THIN AIR: Winnipeg International Writers Festival 2015

Rachel Carlson, Beat Reporter
THIN AIR Mainstage with Mike Barnes, Pasha Malla, Rawi Hage and Esme Claire Keith. THIN AIR 2015 is on from Sept. 18 to 26. SUPPLIED/Leif Norman

THIN AIR Mainstage with Mike Barnes, Pasha Malla, Rawi Hage and Esme Claire Keith. THIN AIR 2015 is on from Sept. 18 to 26.
SUPPLIED/Leif Norman

If storytelling is a form of nourishment, then this year’s THIN AIR: Winnipeg International Writers Festival promises to be a feast.

“Ultimately, ourselves and our culture depend on the quality of our stories,” said festival director Charlene Diehl. “The more accomplished and sensitive our story-tellers, the more nourished we are.”

One accomplished author who will read at THIN Air this year is The Book of Negroes author, Lawrence Hill. His latest work, The Illegal, is about a refugee fleeing to a country that doesn’t want him.

“The timing for this book is exactly right,” said Diehl. “It will give people a fuller emotional context from what they already know in the news.”

The festival will feature a number of other literary heavy-hitters including Governor General Award-winning author Patrick deWitt on Sept. 24, and CBC Literary Award winner Méira Cook on Sept 23.

But the festival isn’t dominated by capital ‘L’ literature, or by stuffy academics.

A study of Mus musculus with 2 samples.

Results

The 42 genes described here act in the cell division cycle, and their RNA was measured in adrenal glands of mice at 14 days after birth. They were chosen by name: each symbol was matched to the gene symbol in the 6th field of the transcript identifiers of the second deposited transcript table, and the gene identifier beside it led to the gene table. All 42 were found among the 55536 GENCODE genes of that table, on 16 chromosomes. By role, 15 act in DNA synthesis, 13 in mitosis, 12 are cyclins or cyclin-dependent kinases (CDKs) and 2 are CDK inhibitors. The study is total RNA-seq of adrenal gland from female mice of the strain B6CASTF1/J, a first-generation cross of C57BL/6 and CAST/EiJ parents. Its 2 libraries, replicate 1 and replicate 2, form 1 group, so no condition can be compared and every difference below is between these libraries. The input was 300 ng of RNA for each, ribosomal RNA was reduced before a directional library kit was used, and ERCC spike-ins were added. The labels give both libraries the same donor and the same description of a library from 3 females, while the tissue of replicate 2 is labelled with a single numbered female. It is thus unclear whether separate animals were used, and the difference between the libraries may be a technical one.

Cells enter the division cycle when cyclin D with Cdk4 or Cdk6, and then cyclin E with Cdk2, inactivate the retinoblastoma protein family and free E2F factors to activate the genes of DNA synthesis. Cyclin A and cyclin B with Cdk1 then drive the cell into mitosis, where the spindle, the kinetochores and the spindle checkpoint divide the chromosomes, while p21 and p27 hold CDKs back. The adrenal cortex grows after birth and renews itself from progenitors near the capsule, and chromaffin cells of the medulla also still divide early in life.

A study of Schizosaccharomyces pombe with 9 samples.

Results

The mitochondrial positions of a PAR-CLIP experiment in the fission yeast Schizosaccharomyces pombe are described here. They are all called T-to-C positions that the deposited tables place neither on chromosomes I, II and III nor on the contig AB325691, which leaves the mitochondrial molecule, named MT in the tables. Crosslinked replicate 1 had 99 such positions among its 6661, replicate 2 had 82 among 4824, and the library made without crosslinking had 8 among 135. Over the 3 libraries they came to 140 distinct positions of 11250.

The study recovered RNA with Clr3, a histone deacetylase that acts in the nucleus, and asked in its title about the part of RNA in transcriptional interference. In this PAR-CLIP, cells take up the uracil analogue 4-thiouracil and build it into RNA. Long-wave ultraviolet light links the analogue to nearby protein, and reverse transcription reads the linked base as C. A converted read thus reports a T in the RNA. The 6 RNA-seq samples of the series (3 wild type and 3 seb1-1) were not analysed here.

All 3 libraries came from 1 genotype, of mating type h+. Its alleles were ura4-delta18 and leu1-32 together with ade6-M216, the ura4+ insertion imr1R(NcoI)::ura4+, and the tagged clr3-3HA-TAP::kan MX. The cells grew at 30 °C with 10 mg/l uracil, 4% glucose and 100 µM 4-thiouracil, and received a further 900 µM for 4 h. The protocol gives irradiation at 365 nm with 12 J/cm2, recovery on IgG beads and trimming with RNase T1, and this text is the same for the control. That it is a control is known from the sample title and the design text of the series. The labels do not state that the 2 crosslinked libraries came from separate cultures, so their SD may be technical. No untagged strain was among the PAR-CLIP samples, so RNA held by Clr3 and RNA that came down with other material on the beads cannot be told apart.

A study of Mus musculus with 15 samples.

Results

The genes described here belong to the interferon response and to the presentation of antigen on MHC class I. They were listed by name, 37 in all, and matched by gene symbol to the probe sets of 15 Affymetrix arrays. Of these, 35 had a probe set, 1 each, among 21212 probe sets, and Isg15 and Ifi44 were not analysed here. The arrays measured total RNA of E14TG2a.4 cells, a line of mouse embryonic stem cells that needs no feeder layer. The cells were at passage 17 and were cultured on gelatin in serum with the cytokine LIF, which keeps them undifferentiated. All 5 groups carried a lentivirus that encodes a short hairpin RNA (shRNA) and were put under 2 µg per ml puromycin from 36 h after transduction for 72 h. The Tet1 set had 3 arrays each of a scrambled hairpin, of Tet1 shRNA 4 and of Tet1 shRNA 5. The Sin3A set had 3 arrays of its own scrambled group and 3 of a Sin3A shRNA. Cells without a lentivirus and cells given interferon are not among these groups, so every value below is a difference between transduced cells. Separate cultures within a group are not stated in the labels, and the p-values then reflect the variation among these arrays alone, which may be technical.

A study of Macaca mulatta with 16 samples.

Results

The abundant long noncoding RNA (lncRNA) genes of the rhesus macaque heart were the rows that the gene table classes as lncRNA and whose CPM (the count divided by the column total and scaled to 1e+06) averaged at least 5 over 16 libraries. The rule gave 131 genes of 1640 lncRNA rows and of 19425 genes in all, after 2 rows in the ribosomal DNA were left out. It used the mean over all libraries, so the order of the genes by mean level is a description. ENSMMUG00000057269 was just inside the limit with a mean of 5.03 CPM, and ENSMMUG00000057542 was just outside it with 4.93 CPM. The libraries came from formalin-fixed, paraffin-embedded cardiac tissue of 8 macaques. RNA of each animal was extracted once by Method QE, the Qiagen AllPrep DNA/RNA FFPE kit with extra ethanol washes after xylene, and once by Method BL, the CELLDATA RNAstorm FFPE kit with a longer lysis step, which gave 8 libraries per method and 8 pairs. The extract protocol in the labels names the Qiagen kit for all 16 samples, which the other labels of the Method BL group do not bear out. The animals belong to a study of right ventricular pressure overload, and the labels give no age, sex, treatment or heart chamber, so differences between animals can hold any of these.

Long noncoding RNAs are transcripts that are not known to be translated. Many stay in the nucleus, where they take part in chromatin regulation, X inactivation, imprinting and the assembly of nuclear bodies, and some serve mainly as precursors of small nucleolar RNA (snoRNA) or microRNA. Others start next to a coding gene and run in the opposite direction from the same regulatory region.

“Literary readings are not all super serious,” said Creative Communications instructor and author, Karen Press. She will join Patrick deWitt and Jon Chan Simpson on THIN AIR’s Mainstage to read from her latest book of poetry, Exquisite Monsters.

“Some events will be exciting genre fiction stuff. Look for things that you’re interested in,” said Press. “It’s very accessible and very low-risk.”

Expect to laugh at festival tradition, Haiku Death Match, said Diehl.

“I was laughing to the point of gasping,” she said. “It’s basically seventeen syllable smart-assing for an hour. Readers take all forms and it’s not necessarily about reading words off of a page.”

Red River College students won’t have to go far to enjoy some of the festival’s free programming. Rosemary Sullivan will be at RRC’s Exchange District Campus on Sept. 21 to read from her latest work of non-fiction, Stalin’s Daughter. It’s a work that brings storytelling and research together into a great piece of journalistic writing, said Diehl.

“A lot of the biography is built from right inside the family,” said Diehl. “It’s beautiful writing and a really intricate, complicated domestic story of a woman trying to have a life and the rings of political intrigue gathered around that.”

RRC will also host Governor General Award winner Andrew Nikiforuk on Sept 24. Nikiforuk’s latest book, Slick Water, chronicles a true story of one woman’s fight against the fracking industry.

If that’s not enough, Jon Chan Simpson will read from his debut novel, Chinkstar.

Diehl described the novel as “sort of a mystery with a hip hop sensibility in small town Alberta.”

“It’s going to bug some people, and offend some people, but that’s okay,” she said. “In my own experience I know that when I’m the most bothered is when I’m about to learn the big lessons.”